We spotted this awesome collage of the Manhattan skyline on the Facebook page New York Off Road. The skyline photos start in 1876, six years after the beginning of construction on the Brooklyn Bridge. You can see one of the masonry foundations (the very one where a nuclear bomb shelter was built inside during the Cold War!) is completed by 1876.

By 1932, New York City in the midst of its skyscraper boom, having held the title of the World’s Tallest Building in the World since 1890. It will continue to hold the distinction until 1974, and you can see some of the world’s tallest buildings in New York City in the 1932 photograph, including the now demolished Singer Building, the Woolworth Building and 40 Wall Street.

You can also spot the Manhattan Municipal Building, just behind the Brooklyn Bridge, the Manhattan Bridge whose construction began in 1901, the set-back, ziggurat shaped 120 Wall Street along the FDR Drive (originally the headquarters of the American Sugar Refining Company).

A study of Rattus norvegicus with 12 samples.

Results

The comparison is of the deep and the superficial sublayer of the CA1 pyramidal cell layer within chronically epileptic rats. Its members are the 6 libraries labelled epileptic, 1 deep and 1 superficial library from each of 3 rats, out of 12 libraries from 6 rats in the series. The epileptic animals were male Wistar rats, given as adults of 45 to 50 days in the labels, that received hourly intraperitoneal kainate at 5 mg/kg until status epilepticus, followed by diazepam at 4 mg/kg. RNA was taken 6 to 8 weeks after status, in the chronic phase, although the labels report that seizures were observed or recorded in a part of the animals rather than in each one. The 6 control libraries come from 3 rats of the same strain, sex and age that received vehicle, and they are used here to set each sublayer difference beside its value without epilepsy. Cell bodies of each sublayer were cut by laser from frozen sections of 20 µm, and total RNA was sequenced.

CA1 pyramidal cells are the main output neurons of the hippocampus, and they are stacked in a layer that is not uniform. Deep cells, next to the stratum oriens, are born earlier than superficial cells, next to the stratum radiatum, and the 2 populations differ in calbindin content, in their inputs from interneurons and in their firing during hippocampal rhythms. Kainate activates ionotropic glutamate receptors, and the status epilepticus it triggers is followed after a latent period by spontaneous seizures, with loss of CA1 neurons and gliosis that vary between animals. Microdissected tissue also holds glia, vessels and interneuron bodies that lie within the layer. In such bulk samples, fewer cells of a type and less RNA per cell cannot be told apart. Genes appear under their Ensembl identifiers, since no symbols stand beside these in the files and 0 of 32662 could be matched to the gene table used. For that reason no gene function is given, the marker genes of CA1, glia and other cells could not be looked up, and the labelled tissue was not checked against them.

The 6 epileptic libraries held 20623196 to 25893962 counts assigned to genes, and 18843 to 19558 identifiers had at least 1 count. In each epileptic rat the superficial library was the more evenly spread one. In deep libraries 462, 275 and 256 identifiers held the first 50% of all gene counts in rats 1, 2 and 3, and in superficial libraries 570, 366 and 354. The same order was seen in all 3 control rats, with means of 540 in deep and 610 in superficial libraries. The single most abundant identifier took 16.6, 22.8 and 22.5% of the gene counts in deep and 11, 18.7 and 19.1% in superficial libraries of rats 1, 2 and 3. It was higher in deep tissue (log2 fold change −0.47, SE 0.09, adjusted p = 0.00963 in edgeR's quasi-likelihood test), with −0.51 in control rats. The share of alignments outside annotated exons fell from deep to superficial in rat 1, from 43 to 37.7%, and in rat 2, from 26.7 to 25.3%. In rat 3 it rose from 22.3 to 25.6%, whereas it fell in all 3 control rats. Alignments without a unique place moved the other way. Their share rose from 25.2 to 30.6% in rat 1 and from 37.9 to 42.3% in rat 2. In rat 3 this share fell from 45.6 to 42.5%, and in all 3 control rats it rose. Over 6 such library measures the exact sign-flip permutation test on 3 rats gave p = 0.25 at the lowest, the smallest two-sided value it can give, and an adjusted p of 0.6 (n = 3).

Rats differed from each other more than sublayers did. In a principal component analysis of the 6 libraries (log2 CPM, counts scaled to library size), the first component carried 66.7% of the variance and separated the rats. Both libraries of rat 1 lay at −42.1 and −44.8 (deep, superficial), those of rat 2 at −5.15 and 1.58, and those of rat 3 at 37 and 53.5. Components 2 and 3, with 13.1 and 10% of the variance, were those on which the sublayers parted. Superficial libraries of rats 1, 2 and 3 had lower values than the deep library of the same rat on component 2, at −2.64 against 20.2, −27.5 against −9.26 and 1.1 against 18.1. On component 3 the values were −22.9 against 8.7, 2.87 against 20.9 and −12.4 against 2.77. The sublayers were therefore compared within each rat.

By 1988, the skyline of lower Manhattan has densified considerably, including the addition of the World Trade Center towers, the Verizon building (now the tallest high rise data center in the world). You can also see the Alfred E. Smith public houses and the LaGuardia Houses on the waterfront between the two bridges.

The 2013 downtown skyline looks similar to 1988 apart from the missing WTC towers. 1 WTC has been drawn onto this particularly image but it has already reached its maximum height of construction and deemed the tallest building in the United States.

Take an Untapped Cities exclusive tour of the world’s tallest buildings in New York City with our history editor, Benjamin Waldman on April 27th at 2pm. The tour concludes with a cocktail at the historic Fraunces Tavern.

Read more about New York City’s skyscrapers in our behind the scenes look into the construction at 1 WTC, a roundup of the World’s Tallest Buildings in NYC and how tall buildings game the rankings system. Collage skyline originally found on New York City: If You Can Make it Here, You Can Make it Anywhere.